My first feelings about the BBC’s sunny new crime drama The Mallorca Files are ones of jealousy. Why can’t I live on a sun-drenched island solving crimes? Another first impression was that there was also a hell of a lot of expositional dialogue in the first episode. It’s a scriptwriting felony that every writer is guilty of (I certainly am), but exposition does have a special place in crime dramas.
So, while I’m dreaming of being in warmer, sunnier places, let’s get into the case file and see how exposition can both help and hinder a crime drama script. Vamos!

Who did it? Wait until the end.

Of course, crime drama scripts are rife with exposition. The famous dénouement, where all of the characters, guilty and innocent, are gathered in front of the detective who explains the crime step by genius step, is a scene packed full of exposition by its very nature. Before that, episodes are full of scenes where suspects explain their whereabouts in interviews, and police explain the significance of clues to their partners. Generally, this helps viewers keep on top of a complicated and twisting plot and informs them about police procedures they wouldn’t generally be aware of.

But in the first episode of The Mallorca Files, jarring exposition seems to be contained in character building scenes rather than scenes that concentrate on explaining the crime, threat, situation, or police procedure.
When introducing Miranda, some of the seeds had already been sown about her workaholic nature, as seen below, and we are shown more than we’re told. It makes for a much more natural character introduction than that given to Max, her new crime-fighting partner.

When escorting arrested criminal Paul Taylor through an airport, Miranda and Paul have the following exchange:

Later, after the /inciting incident/ Miranda is on the phone to her superior in London, to whom she says:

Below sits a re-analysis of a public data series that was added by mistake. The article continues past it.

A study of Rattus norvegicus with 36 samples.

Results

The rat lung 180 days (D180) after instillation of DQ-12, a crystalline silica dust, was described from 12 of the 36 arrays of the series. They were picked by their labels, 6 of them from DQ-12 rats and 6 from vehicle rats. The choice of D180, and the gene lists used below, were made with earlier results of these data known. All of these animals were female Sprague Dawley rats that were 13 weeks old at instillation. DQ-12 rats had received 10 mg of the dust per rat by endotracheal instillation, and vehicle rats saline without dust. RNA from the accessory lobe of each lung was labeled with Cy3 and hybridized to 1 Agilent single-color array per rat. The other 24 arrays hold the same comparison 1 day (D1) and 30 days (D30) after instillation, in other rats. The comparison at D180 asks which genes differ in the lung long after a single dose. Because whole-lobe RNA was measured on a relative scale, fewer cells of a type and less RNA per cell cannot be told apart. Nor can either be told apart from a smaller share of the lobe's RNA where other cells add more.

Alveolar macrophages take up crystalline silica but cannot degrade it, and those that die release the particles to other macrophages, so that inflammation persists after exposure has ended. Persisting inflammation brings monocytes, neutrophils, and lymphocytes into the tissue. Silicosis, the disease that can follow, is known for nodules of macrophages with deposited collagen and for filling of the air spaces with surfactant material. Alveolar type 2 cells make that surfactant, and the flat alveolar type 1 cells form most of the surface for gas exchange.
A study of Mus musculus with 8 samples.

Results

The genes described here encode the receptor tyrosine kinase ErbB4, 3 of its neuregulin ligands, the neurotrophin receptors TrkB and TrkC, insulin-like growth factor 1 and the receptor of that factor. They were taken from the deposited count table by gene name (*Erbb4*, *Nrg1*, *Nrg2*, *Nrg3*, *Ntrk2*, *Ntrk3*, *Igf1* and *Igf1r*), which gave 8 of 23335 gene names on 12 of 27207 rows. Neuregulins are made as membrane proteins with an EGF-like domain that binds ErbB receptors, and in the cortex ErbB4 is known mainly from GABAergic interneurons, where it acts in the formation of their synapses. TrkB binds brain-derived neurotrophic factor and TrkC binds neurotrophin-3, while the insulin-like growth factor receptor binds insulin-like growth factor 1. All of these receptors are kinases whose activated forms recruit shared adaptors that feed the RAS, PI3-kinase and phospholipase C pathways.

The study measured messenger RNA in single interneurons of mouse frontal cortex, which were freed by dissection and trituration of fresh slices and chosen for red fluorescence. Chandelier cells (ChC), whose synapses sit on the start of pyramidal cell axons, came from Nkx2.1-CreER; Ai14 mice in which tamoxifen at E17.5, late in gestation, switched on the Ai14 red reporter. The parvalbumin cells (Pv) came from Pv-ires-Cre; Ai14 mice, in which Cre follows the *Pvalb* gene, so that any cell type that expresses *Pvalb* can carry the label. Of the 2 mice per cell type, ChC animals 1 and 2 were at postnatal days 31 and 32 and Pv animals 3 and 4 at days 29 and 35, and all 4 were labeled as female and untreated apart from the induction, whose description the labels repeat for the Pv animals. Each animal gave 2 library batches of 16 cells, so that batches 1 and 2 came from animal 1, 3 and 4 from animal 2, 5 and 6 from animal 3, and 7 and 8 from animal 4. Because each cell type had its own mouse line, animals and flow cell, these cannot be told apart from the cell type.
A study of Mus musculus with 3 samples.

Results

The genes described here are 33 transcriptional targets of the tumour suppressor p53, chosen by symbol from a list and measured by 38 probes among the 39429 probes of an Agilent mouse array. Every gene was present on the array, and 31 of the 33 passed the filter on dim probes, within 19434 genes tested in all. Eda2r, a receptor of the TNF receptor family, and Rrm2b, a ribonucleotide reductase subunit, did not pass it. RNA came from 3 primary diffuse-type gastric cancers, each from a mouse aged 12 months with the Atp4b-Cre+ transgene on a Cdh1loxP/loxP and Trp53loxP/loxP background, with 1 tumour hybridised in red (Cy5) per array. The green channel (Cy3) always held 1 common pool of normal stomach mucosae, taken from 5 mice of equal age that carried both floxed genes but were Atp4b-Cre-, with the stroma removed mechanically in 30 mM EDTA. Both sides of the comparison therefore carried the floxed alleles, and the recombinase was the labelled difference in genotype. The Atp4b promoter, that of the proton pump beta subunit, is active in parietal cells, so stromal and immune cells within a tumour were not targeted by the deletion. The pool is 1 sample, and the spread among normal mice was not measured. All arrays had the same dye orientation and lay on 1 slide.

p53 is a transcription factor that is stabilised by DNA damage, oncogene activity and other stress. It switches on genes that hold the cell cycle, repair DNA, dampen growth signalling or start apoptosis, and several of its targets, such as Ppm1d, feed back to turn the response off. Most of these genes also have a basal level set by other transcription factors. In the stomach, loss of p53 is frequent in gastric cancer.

This neatly demonstrates Miranda’s main character trait: that she is a serious workaholic. A few scenes later, after asking her superior for holiday time, we are shown Miranda working a case she is meant to be leaving alone well into the night.
What does this show us? She’s obsessive, stubborn, and has an interesting relationship with rules and orders: she follows police procedure by the book, but if she doesn’t agree with what someone has told her to do, she will go her own way.

Expositional introductions

Less subtle character introductions are seen with Max, Miranda’s happy go lucky German partner. After being put together on the case, Max brings Miranda up to speed in a bout of exposition that would maybe have been better in the screen directions rather than the dialogue. As they walk to Max’s car, he says:

So how could this be shown and not told? Perhaps, as they get into Max’s car, Miranda could ask about a picture he keeps on his dashboard that tells you about his time in his old squad. Maybe he’s playing bad German music on the radio (something that does happen later in the series) and it strikes up a conversation about his work in Germany and what brought him to Spain.

Write like you see

There are always ways to get around expositional dialogue, but it isn’t easy to do. What helps is thinking and /writing like a camera/. How can you do this? Imagine characters can’t talk in a scene. The only way of relaying information about them is through what is shown shot by shot. This will help visual writing to flow and expositional dialogue to decrease as all your storytelling will be purely visual.
For more tips on visual writing, why not read /Writing Like a Camera/ and /Screenplay Formatting: line by line/?


The Mallorca Files, Ep 1, BBC iPlayer.